May 2, 2012
Are you hot or useless? Career rankings may predict success, or not
If you know your way around a blood-pressure cuff, tartar scraper or bedpan, it appears that you're golden. You're also lucky if you do network administration, data analysis or computer programming.
If, on the other hand, you're in touch with your artistic side, wrangle words or think literature and art have anything at all to offer modern society, you are, in a word, useless.
At least that's what you might be led to believe if you've read any recent version of the "top jobs/worst degrees in America" stories that circulate each spring.
Paired with recent news that 1 in 2 recent grads are jobless or underemployed, it's enough to really depress new college grads as they try to avoid their parents' basements. It's also enough to terrify incoming undergrads and seriously worry the rest of us who might be trying to build our careers.
Degrees in film and video arts, music, graphic design, architecture, literature, political science and government, and journalism all fall into the category of the 13 most useless majors, according to one story published by The Daily Beast, which ignited the fury of hundreds of indignant readers who wrote to defend the liberal arts.
Also available for our anxiety-filled reading is the list of 11 Fastest Growing Jobs for College Grads, which includes network and computer systems administrators, personal and home health-care aides, dental assistants and hygienists, physician and medical assistants, and computer software engineers.
An obvious pattern emerges.
But, right-brain-dominant people, take heart. The truth is less obvious the more you study these lists.
For example, take one of the 13 so-called "most useless" degrees: film, video and photographic arts. The types of jobs one with this degree might pursue include video editor and photographer. The unemployment rate for a recent grad is 12.9 percent, higher than the current Washington rate of 8.3 percent and the national rate of 8.2 percent. But the unemployment rate for an experienced grad is a much improved 6.7 percent, with earnings of $50,000 (up from $30,000 for a new grad) and a growth rate of 9 percent over the next eight years.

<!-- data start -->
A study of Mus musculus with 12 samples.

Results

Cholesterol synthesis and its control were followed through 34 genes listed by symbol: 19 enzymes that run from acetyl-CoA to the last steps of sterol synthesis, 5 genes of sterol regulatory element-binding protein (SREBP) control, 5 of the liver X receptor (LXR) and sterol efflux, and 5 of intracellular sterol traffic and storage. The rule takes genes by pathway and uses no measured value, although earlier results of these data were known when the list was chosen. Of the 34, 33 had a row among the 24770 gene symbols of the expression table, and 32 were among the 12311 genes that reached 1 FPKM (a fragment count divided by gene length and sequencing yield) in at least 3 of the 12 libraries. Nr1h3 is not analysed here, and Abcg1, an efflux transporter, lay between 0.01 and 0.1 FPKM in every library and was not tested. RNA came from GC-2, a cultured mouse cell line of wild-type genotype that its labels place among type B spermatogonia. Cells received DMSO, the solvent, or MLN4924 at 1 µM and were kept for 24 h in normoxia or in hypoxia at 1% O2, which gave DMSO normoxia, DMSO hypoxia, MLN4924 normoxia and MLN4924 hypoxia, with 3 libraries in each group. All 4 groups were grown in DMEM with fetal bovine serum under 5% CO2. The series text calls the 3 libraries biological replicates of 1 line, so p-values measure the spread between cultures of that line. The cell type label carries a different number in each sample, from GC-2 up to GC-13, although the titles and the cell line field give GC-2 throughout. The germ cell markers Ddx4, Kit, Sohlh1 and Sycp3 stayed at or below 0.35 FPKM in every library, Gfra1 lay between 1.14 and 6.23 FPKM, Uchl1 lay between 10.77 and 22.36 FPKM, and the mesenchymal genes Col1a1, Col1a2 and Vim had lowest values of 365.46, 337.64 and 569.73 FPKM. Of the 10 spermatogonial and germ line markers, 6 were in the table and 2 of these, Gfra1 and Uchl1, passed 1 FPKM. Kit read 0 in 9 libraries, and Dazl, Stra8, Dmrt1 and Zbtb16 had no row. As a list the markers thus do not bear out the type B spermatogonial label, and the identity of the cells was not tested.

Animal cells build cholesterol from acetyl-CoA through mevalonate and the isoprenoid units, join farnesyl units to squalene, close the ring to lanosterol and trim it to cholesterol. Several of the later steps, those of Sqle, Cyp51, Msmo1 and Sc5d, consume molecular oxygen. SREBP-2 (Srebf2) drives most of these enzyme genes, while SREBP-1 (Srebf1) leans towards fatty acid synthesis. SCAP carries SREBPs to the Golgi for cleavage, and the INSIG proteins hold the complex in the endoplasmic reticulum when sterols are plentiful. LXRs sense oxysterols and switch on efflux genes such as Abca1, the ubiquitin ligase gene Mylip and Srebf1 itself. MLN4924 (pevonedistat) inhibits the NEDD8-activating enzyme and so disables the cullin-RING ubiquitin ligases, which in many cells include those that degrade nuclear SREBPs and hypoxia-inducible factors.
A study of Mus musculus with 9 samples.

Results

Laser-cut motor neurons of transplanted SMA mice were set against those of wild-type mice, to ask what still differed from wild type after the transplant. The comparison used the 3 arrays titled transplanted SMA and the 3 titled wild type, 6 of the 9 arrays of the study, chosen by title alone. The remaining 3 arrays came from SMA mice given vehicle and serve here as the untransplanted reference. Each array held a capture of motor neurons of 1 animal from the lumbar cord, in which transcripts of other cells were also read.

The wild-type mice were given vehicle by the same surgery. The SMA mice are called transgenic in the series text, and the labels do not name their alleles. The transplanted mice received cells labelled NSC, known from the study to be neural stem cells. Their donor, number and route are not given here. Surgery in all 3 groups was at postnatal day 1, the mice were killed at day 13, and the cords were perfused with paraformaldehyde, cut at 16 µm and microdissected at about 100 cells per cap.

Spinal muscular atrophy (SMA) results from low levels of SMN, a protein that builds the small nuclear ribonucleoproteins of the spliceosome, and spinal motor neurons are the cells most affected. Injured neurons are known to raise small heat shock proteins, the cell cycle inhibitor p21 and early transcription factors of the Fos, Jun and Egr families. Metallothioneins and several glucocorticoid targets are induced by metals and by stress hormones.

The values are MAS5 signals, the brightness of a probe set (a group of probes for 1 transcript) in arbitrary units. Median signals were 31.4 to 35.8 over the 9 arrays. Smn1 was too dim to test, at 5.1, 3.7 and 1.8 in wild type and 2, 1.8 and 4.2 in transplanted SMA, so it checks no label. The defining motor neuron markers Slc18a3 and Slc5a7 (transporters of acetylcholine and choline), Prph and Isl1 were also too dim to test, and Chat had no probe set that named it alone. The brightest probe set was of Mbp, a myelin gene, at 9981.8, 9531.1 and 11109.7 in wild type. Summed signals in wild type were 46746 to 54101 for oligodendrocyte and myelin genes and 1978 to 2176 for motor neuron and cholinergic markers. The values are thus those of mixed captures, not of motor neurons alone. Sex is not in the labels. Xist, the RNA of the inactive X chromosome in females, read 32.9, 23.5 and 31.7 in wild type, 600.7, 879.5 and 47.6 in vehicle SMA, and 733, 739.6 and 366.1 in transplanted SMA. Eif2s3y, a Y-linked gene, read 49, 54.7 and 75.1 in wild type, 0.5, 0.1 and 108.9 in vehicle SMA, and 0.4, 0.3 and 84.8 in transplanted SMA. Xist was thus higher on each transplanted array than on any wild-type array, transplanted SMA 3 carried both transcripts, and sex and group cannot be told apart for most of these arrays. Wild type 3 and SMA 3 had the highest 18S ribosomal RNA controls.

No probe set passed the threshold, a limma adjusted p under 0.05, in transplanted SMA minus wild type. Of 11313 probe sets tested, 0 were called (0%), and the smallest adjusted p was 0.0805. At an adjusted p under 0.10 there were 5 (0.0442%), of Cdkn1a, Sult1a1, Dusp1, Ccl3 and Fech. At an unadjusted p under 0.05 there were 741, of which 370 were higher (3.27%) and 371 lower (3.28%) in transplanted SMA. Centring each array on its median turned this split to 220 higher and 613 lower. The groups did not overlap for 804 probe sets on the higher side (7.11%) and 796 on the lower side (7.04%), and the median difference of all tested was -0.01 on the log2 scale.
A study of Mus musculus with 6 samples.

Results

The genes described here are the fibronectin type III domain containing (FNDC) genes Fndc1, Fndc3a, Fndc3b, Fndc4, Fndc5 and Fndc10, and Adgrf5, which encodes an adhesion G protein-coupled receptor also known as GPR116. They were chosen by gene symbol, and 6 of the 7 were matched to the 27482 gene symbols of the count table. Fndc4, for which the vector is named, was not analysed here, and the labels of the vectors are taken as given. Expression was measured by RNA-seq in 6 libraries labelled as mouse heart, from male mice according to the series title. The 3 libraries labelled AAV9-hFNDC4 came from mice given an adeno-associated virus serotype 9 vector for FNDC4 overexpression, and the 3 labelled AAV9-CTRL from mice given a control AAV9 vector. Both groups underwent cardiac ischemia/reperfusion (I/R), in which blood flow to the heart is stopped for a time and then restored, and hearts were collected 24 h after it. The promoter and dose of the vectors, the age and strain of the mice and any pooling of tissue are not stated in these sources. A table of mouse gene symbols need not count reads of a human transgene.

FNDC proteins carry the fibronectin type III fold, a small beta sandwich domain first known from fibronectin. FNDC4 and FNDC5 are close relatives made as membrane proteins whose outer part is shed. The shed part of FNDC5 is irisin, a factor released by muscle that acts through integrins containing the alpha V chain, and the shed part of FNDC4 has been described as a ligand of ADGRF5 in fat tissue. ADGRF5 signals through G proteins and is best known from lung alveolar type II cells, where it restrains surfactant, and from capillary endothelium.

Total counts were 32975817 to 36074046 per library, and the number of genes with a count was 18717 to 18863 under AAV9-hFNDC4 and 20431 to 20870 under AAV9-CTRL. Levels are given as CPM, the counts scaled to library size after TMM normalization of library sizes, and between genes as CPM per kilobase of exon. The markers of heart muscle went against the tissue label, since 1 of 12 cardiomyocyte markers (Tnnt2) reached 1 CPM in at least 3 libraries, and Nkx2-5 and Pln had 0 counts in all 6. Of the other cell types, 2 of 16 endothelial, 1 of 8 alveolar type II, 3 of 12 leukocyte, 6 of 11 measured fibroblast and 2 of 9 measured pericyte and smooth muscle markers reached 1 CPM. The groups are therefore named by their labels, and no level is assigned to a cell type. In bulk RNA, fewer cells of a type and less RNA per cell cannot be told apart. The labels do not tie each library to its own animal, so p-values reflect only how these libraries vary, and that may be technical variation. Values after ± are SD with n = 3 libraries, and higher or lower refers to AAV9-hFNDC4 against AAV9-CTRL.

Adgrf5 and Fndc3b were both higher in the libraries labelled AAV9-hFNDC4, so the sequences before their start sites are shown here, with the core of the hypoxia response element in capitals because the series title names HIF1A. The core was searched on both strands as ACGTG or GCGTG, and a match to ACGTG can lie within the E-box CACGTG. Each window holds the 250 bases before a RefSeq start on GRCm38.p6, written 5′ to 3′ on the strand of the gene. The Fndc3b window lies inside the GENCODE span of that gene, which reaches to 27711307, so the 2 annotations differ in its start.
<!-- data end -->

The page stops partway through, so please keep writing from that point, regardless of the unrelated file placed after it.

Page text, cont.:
When you consider that in 2010 the median household income (that's household, not personal) was $49,445, that's not bad. Sure, you earn crumbs when you first graduate, but as you gain experience, you make salary gains, too.
On the other hand, home health aide, listed as one of the fastest growing jobs in America, was expected to grow by a whopping 56 percent.
But the annual earnings for that job (in 2002 figures): $20,184.
Yeesh. Even adjusted for inflation, that's not exactly going to purchase the American dream.
Another hot career: medical assistant, with a salary just under $30,000.
There's no doubt, though, that careers in computer programming and data analysis are booming and also offer high earning potential. So if that's your bag, excellent for you.
Back to the "useless" list: architecture (expected earnings for a worker with experience: $64,000); and hospitality management (experienced salary of $53,000 and an unemployment rate of less than 6 percent).
Oh, and a personal fave: journalism, with a growth rate of -6 percent (yep, that is a negative there in front of the 6) and a salary for non-newbies of $58,000.
This one would smart if I let it, because I have a degree in -- gasp -- journalism. Speaking from experience, what I think these studies fail to take into account are the newly emerging fields being made possible by the demands and expectations of our digital, media-reliant society (for example, journalists are now content curators, digital producers and social-media marketers, and many earn good salaries and work in high-demand, constantly evolving careers).
These lists also don't recognize that many degreed workers add to their tool kit additional experience via training, certificates and forays into new areas (for example, I do not have an MBA, but I have conceived, launched and sustained my own business, building my resume in new ways).
I am highly employable. Not despite my degree, but because of it, and because of the years of experience and expertise, the versatility and the enthusiasm I bring to the table. Oh, and I can string together a proper sentence and communicate clearly because of my "useless" liberal arts leanings.
I think the bottom line is that most industries offer opportunities for the best, the brightest, the most excited and engaged workers in their fields. And isn't there something (a lot) to be said for following your interests and maximizing your own special skills?
Surely, if we all stampeded into the "fastest growing" fields and away from the "useless" ones, the whole market dynamic would shift anyway, right? I'm interested to hear what others, especially job searchers and new grads, think about these types of rankings.
Karen Burns is the author of The Amazing Adventures of Working Girl, a career guide based on her 59 jobs over 40 years in 22 cities.
Lisa Quast is a certified career coach, mentor, business consultant, former corporate executive and author based in the Seattle area.
Randy Woods writes about job-search tools, networking techniques and other tips to help you land your dream job.
Matt Youngquist is the president of Career Horizons, a career counseling firm.
Natalie Singer is a Seattle writer, editor and small-business owner.
Michelle Goodman is the author of "My So-Called Freelance Life" and "The Anti 9-to-5 Guide."
Paul Anderson helps professionals in transition find their desired employment.